One way to add yield to your portfolio

It's a pipeline but it comes with more risk

One way to add yield to your portfolio

By Dianne Maley

Globe Investor Magazine Online, April 22, 2009

The Source: Bill Harris, principal and portfolio manager, Avenue Investment Management

The Idea: Buy Fort Chicago Energy Partners LP units (FCE.UN-TSX)

You're an income investor with a portfolio of bonds, banks and utilities and you want to enhance your yield a bit. You likely already own the big pipelines, Enbridge Inc. and TransCanada PipeLines Ltd.

Now consider Fort Chicago, an income trust so beaten down that it yields an impressive 14 per cent. Fort Chicago, based in Calgary, owns and operates the Alliance Pipeline, which delivers natural gas from Western Canada to the Chicago area under long-term contract.

It also has power interests and a natural gas liquids plant in Illinois. Units of Fort Chicago units are trading on the Toronto Stock Exchange at about $7. update*On Wednesday Aprill 22, they closed at at $7.11.

"Here's a pipeline, just the most stable thing," Mr. Harris says. "It's the toll booth model. It's not swinging, but it's a great franchise at a fair price."

Fort Chicago was hit hard when financial markets plunged last fall. It hasn't bounced back quite as smartly as its larger, more diversified peers such as Enbridge and TransCanada, Mr. Harris says.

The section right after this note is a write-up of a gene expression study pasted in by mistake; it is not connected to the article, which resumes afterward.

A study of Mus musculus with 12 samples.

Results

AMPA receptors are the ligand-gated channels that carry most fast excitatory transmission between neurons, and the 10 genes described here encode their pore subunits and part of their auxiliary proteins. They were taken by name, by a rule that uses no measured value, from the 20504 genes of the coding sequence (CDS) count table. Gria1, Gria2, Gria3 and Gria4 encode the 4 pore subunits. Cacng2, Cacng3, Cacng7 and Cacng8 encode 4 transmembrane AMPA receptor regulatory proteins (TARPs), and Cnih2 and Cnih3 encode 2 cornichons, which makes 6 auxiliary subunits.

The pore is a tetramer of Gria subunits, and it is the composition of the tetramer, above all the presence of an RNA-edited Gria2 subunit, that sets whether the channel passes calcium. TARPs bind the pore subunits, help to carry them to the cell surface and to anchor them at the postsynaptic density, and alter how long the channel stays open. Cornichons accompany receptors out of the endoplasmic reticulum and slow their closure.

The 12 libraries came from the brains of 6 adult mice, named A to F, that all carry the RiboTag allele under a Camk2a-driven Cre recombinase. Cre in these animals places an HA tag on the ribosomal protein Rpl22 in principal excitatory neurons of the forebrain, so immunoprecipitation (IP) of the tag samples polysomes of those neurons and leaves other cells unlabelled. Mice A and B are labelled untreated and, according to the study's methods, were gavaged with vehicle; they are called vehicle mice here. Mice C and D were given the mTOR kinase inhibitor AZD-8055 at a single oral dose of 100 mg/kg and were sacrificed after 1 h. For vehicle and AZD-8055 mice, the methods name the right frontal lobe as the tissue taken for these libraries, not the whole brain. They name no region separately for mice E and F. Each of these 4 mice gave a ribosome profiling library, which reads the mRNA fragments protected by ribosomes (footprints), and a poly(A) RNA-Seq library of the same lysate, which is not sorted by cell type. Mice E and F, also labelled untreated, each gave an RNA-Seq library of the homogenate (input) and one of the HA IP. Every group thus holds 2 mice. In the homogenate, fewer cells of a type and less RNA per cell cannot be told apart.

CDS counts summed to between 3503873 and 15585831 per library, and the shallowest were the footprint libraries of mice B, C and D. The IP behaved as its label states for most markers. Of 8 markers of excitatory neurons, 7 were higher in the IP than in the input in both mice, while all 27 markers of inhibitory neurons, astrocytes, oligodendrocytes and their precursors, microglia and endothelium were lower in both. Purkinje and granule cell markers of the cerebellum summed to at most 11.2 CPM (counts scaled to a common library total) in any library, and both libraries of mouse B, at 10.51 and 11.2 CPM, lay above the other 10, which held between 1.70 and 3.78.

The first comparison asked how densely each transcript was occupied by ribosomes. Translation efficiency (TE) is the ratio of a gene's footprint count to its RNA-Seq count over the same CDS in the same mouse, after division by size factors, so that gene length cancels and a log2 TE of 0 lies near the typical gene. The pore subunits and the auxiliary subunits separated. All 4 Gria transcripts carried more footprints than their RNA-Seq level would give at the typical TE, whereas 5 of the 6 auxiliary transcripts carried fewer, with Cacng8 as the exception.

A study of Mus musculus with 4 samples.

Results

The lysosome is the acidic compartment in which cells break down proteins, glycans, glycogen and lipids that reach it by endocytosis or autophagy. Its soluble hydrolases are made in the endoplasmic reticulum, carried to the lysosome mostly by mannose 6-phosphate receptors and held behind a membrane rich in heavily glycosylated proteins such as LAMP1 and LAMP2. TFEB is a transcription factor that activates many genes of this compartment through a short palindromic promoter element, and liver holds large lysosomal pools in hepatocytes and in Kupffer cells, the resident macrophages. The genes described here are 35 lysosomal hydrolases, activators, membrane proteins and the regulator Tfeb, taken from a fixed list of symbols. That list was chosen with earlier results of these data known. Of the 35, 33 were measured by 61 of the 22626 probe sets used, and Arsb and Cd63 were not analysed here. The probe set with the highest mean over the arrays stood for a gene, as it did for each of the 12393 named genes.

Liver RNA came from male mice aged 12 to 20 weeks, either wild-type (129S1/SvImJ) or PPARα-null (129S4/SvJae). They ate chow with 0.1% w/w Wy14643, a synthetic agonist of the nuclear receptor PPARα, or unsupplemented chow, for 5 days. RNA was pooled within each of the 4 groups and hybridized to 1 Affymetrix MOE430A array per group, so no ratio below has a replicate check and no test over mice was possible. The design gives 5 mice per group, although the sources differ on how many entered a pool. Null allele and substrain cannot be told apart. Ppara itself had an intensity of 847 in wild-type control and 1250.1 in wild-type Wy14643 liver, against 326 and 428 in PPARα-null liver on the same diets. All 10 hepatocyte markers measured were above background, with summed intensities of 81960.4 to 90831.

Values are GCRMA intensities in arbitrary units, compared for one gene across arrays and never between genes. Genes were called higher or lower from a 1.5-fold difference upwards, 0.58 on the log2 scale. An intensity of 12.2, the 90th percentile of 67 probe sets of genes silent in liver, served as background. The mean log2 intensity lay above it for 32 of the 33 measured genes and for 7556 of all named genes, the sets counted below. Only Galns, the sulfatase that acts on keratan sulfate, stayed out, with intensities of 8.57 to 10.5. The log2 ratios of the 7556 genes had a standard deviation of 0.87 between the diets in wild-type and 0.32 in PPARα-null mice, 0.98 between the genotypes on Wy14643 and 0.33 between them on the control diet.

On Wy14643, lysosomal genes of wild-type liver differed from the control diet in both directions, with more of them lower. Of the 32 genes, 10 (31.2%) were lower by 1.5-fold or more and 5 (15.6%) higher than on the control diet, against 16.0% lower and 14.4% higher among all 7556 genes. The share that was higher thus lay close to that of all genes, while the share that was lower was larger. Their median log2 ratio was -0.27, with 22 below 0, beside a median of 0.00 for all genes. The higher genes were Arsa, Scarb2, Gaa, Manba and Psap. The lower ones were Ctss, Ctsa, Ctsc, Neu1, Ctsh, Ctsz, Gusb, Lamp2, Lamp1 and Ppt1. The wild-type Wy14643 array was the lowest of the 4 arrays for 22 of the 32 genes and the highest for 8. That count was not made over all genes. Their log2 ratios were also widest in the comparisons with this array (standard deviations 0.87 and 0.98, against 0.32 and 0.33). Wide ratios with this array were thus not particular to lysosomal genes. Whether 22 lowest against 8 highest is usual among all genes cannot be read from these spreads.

The trust acknowledged the difficult fourth quarter in its most recent financial report, but pointed to its long-term contracts as it argued its units were undervalued. Management forecast distributable cash flow of 96 cents to $1.27 a unit this year with a payout ratio ranging from 79 per cent to 104 per cent - high but still reasonable for a pipeline, Mr. Harris says.

Based on its current price, that points to a yield on 2009 distributions of at least 14 per cent.

The Payoff: Fort Chicago's high yield may be an ideal way to boost your portfolio's overall return at the margins, Mr. Harris suggests.

He cautions against loading up on the units, which are considered riskier than Enbridge or TransCanada because the trust is less diversified. The payoff could prove enduring: Even after it converts to a corporation in 2011, Mr. Harris estimates Fort Chicago will yield in the 8-per-cent range. (The yield will be relatively high because the current price is comparatively low.) The Big Risk: Management say they intend to grow Fort Chicago's asset base. How they do that will be critical, Mr. Harris says. If they expand within their existing lines of business, perhaps in natural gas liquids, they could do well, he says. But there's always the risk that pressure on the company to grow and diversify after 2011 could lead management to venture into new and unfamiliar fields.

Why Listen to Bill Harris? Mr. Harris has been in the investment business for 15 years. His firm's portfolio was down 22 per cent last year, but is up 7.3 per cent year-to-date with an average yield of 4.5 per cent. Mr. Harris says his best calls recently were buying Agnico-Eagle Mines Ltd. at $30 (it's now nearly $56*) and Goldcorp Inc. at $20 (it's now $33*) at the depths of the market crash last October.